The Problem of Perpetual Cynicism

Drawing by Henry Marks.

But what is it? Drawing by Henry Marks.

A recent opinion piece in the New York Times, written by the president of Wesleyan University Michael S. Roth, points out something disturbing that seems to have infected our youth: A type of perpetual cynicism born of teaching students to think critically about their world, but not following up with teaching them to also find meaning in it.

Mr. Roth suggests that the traditional liberal arts goal of teaching critical thinking has devolved into something focused too much on the critical, and not enough on the thinking. It starts when professors teach students how to tear apart written texts, as if being critical (i.e. cynical) were the sole purpose and pursuit of education.

Yes, there’s a certain satisfaction in being critical of our authors, but isn’t it more interesting to put ourselves in a frame of mind to find inspiration in them?…Our best college students are very good at being critical. In fact being smart, for many, means being critical. 

And it continues when students assume the role of distant and disdainful commentator, one step removed from the object of their scrutiny. The sad result is that these students have come to believe intelligence reveals itself in their ability to describe everything that is wrong with a written work, but nothing that is right.

The inquirer has taken the guise of the sophisticated (often ironic) spectator, rather than the messy participant in continuing experiments or even the reverent beholder of great cultural achievements.

Mr. Roth gives the example of having to ask his students to “put their devices away” when he shows them movies in class. As a former film studies major, I find this especially distressing. When I was in school, we read essay upon essay about film’s transformative power, largely related to the obvious analogies between dreaming and watching a movie. But to feel cinema’s power in that way, you have to give yourself over to the experience. In other words, you have to take emotional and intellectual risks. From what Mr. Roth describes, today’s students prefer their culture served cold, and at arm’s length.

As debunkers, [today’s students] contribute to a cultural climate that has little tolerance for finding or making meaning — a culture whose intellectuals and cultural commentators get “liked” by showing that somebody else just can’t be believed. But this cynicism is no achievement.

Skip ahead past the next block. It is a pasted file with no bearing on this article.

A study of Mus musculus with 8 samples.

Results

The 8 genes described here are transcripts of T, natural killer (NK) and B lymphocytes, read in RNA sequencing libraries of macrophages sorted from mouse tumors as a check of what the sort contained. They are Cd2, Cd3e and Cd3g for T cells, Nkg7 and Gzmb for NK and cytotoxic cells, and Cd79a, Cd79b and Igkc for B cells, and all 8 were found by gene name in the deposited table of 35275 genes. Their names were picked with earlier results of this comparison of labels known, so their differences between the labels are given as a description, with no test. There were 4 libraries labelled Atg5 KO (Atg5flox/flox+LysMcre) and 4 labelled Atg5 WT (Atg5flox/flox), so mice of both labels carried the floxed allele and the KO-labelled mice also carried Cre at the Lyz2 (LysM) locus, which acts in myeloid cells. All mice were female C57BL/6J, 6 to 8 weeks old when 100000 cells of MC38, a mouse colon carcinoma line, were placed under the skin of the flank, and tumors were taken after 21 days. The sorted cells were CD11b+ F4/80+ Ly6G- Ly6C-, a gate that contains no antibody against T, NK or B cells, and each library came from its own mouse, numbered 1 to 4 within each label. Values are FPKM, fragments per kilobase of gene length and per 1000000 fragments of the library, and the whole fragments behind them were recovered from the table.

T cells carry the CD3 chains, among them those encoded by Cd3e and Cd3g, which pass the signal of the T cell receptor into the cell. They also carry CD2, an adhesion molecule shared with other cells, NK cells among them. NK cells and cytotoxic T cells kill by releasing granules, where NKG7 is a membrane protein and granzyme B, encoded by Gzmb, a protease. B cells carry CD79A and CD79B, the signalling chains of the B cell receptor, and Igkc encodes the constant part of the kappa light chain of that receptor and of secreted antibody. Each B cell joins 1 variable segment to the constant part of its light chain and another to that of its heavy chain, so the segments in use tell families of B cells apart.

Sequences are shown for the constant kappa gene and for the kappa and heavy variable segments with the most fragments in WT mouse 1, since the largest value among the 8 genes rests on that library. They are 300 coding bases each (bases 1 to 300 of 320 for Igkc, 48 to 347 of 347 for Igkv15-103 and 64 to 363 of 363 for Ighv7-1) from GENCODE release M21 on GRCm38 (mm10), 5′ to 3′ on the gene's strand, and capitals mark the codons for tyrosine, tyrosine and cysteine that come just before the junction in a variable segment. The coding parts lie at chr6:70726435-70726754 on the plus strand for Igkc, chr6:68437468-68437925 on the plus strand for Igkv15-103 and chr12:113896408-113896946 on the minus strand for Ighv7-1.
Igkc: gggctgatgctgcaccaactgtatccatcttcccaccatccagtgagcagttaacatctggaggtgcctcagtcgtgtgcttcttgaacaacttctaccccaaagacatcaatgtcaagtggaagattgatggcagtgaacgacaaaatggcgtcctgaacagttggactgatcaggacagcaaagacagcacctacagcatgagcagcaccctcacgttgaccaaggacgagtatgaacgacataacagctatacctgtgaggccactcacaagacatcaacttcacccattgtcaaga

I agree with Mr. Roth that cynicism is no achievement. And, if his assertions about modern-day students’ lack of interest in being inspired by art and culture and thought are true, then my next question would be, where did they learn to take such a cynical view of their world? Is this an effect of our modern culture, which some call corrosive (although, really, don’t those voices erupt in every generation)? The inevitable aftermath of postmodernism? The result of education trends going back to the 1960’s, when nearly everything about higher education was called into question? Maybe Mr. Roth will write a follow-up piece in which he teases apart the roots of the problem he has identified. I’d be interested in his thoughts.

Further exploration:

Books

FlowFlow. “Psychologist Mihaly Csikszentmihalyi’s famous investigations of “optimal experience” have revealed that what makes an experience genuinely satisfying is a state of consciousness called flow. During flow, people typically experience deep enjoyment, creativity, and a total involvement with life. In this new edition of his groundbreaking classic work, Csikszentmihalyi demonstrates the ways this positive state can be controlled, not just left to chance. Flow: The Psychology of Optimal Experience teaches how, by ordering the information that enters our consciousness, we can discover true happiness and greatly improve the quality of our lives.”

100 ObjectsA History of the World in 100 Objects. “When did people first start to wear jewelry or play music? When were cows domesticated and why do we feed their milk to our children? Where were the first cities and what made them succeed? Who invented math-or came up with money? The history of humanity is a history of invention and innovation, as we have continually created new items to use, to admire, or to leave our mark on the world. In this original and thought-provoking book, Neil MacGregor, director of the British Museum, has selected one hundred man-made artifacts, each of which gives us an intimate glimpse of an unexpected turning point in human civilization. A History of the World in 100 Objects stretches back two million years and covers the globe. From the very first hand axe to the ubiquitous credit card, each item has a story to tell; together they relate the larger history of mankind-revealing who we are by looking at what we have made.”

Articles

Technology: Myth of Multitasking.  “[T]here is no such thing as multitasking —  at least not the way you may think of it. The fact is that multitasking, as most people understand it, is a myth that has been promulgated by the “technological-industrial complex” to make overly scheduled and stressed-out people feel productive and efficient.